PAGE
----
For the week ending 4 June 2022 / 5 Sivan 5782

Parashat Beha'alotcha & Shavuot

by Rabbi Yaakov Asher Sinclair -

One year after the Exodus from Egypt, Hashem commands Moshe concerning the korban Pesach. Those ineligible for this offering request a remedy, and the mitzvah of Pesach Sheini — allowing them a "second chance" to offer the korban Pesach, one month later — is detailed. Miraculous clouds that hover near the Mishkan signal when to travel and when to camp. Two silver trumpets summon the princes or the entire nation for announcements. The trumpets also signal travel plans, war or festivals. The order in which the tribes march is specified. Moshe invites his father-in-law, Yitro, to join the Jewish People, but Yitro returns to Midian.

At the instigation of the eruv rav — the mixed Egyptian multitude who joined the Jewish People in the Exodus — some people complain about the manna. Moshe protests that he is unable to govern the nation alone. Hashem tells him to select 70 elders, the first Sanhedrin, to assist him, and informs him that the people will be given meat until they will be sickened by it. Two candidates for the group of elders prophesy beyond their mandate, foretelling that Yehoshua instead of Moshe will bring the people to Canaan. Some protest, including Yehoshua, but Moshe is pleased that others have become prophets. Hashem sends an incessant supply of quail for those who complained that they lacked meat. A plague punishes those who complained. Miriam tries to make a constructive remark to Aharon, which also implies that Moshe is only like other prophets. Hashem explains that Moshe's prophecy is superior to that of any other prophet and punishes Miriam with tzara'at, as if she had gossiped about her brother. (Because Miriam is so righteous, she is held to an incredibly high standard.) Moshe prays for Miriam to be healed, and the nation waits until she is cured before traveling.


The ‘Afluenza’ Pandemic

“We are contaminated by a human corpse — why should we be diminished by not bringing Hashem’s offering in its appointed time? (9:7)

How was your Shavuot?

I’m writing these words a few days before Shavuot, and I always approach the Chagim and specially Shavuot with a certain amount of trepidation.

The stakes are high. Hashem will give us the Torah again. I should be filled with great joy and expectation, as it says in the sefarim, waiting for that day of the ‘marriage’ of Hashem and us, the Jewish People.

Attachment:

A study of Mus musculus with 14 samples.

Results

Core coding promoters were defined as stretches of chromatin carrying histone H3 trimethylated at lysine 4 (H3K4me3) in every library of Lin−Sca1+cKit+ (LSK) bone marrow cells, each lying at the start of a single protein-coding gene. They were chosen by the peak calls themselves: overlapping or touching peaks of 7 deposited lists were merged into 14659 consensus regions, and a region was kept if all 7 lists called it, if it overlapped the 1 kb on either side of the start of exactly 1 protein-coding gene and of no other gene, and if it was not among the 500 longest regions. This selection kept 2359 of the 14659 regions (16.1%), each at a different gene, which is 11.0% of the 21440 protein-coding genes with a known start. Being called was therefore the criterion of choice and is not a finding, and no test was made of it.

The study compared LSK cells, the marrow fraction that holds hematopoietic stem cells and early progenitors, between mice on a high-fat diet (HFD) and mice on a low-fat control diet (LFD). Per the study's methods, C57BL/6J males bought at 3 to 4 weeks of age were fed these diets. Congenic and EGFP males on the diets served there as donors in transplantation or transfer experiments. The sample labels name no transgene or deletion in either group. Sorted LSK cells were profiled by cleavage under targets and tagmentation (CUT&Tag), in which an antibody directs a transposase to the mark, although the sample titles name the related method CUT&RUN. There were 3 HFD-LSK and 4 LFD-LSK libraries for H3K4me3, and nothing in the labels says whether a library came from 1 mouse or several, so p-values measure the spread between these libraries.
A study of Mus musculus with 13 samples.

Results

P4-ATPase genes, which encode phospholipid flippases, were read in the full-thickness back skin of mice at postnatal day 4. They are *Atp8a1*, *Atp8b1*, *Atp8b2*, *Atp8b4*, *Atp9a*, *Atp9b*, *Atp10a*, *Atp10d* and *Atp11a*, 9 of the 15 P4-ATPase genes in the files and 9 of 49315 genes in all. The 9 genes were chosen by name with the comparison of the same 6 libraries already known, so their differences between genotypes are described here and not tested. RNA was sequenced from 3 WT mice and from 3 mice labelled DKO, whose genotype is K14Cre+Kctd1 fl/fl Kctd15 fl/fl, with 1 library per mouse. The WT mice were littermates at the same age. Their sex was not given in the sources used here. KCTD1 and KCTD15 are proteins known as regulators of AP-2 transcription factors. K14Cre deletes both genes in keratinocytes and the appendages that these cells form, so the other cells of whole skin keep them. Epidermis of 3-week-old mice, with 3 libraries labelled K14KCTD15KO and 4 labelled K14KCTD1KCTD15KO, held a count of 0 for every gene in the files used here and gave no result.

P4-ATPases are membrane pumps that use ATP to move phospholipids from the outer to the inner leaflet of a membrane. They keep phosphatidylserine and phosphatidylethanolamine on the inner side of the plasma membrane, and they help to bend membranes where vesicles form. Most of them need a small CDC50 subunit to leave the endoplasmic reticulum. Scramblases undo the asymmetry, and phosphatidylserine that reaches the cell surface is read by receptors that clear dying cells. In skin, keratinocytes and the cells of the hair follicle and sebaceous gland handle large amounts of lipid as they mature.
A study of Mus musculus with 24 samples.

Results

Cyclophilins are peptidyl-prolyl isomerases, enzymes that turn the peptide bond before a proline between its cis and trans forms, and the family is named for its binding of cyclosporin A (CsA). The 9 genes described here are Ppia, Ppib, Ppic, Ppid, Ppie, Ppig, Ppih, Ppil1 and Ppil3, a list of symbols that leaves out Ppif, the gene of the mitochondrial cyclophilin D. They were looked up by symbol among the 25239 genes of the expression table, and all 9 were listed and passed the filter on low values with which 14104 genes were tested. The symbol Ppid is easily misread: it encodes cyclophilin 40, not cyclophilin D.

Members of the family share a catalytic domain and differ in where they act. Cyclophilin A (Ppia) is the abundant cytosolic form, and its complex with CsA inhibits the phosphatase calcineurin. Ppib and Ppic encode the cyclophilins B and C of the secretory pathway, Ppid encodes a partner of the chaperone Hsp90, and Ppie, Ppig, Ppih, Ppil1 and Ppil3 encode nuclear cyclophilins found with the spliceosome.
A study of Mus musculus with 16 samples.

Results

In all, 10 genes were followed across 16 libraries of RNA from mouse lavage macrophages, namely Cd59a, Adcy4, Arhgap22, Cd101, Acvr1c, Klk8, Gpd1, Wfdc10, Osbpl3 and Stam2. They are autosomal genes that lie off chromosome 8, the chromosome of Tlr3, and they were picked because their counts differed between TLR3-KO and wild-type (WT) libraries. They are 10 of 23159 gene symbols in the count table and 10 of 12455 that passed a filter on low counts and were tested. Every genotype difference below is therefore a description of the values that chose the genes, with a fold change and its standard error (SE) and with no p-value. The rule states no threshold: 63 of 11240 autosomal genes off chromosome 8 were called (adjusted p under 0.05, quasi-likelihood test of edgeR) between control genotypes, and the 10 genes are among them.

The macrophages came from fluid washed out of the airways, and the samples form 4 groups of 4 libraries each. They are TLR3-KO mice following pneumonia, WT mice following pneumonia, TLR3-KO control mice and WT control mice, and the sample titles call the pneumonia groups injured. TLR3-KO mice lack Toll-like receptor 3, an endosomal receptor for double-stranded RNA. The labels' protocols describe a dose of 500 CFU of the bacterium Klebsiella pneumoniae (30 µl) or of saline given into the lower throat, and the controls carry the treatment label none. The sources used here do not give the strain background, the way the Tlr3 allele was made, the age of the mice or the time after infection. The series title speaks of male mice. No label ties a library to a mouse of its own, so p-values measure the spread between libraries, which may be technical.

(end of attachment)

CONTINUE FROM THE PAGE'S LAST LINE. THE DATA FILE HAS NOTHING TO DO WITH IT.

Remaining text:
But what if I fail to make that emotional, spiritual leap to the top of Sinai?

“We are contaminated by a human corpse…”

Many of us in this generation are contaminated by the ‘human corpse’ — by the desires fanned by the (anti-) social media, by a world so filled with affluence. The world is ‘sick’ with ‘afluenza.’ That is the real pandemic that is still raging.

A man goes into a shop to buy a watch. His eye settles on the glint of gold and he takes an interest in a fake Rolex. The owner of the shop says, “Don’t take that thing — it’s cheap. In six months, it’s going to be asking you the time. Take this one instead. True, it doesn’t look like much on the outside, but it will last for more than a lifetime.”

But the buyer insists on purchasing the fake Rolex, and so the store owner says, “Okay, if that’s what you really want — take it!”

What a person truly desires, Hashem gives.

One of the ways that Hashem interfaces with His creation is the characteristic called Hod. The week of the counting of the Omer that contains Pesach Sheini is the week of hod. Hod is connected to the verb l’hodot, “to admit,” meaning that Hashem “admits” to what is in the heart of a person, that Hashem will grant what a person really wants — if his desire is authentic.

The Avnei Nezer asks why Amalek deserved the punishment of total obliteration. He answers that Amalek truly desired, in his heart of hearts, the removal of the Jewish People from existence. So, Hashem said, “Fine, you don’t want the Jewish People to exist, so I will behave toward you as if they don’t exist. And since the entire creation was for the purpose of the Jewish People to observe the Torah, there is no reason for creation to exist — in which case, you don’t exist!”

“We are contaminated by a human corpse — why should we be diminished by not bringing Hashem’s offering in its appointed time?”

There’s something strange about this verse. The people who complain about not being able to bring the Pesach offering say that the reason they were unable to do so was because they were contaminated. So why then do they ask, “Why should we be diminished?” This means that they were asking, “Why should we be left out?” Didn’t they already answer their own question — that it was because they were contaminated?

The answer is that their question was not a question at all, but was rather a cry from the heart. And through this cry from the heart, an entire section of the Torah that had not been given at Mount Sinai was written into the Torah: the mitzvah of Pesach Sheini, a second chance to bring the korban Pesach.

The middah of hod is both frightening and empowering. It is frightening because it means that if our minds and hearts are full of ‘afluenza,’ Hashem will let us buy that fake Rolex.

And it is empowering because if we really want Torah, then like those people who missed out on the korban Pesach, Hashem will turn the world over for us and fill our hearts with His love.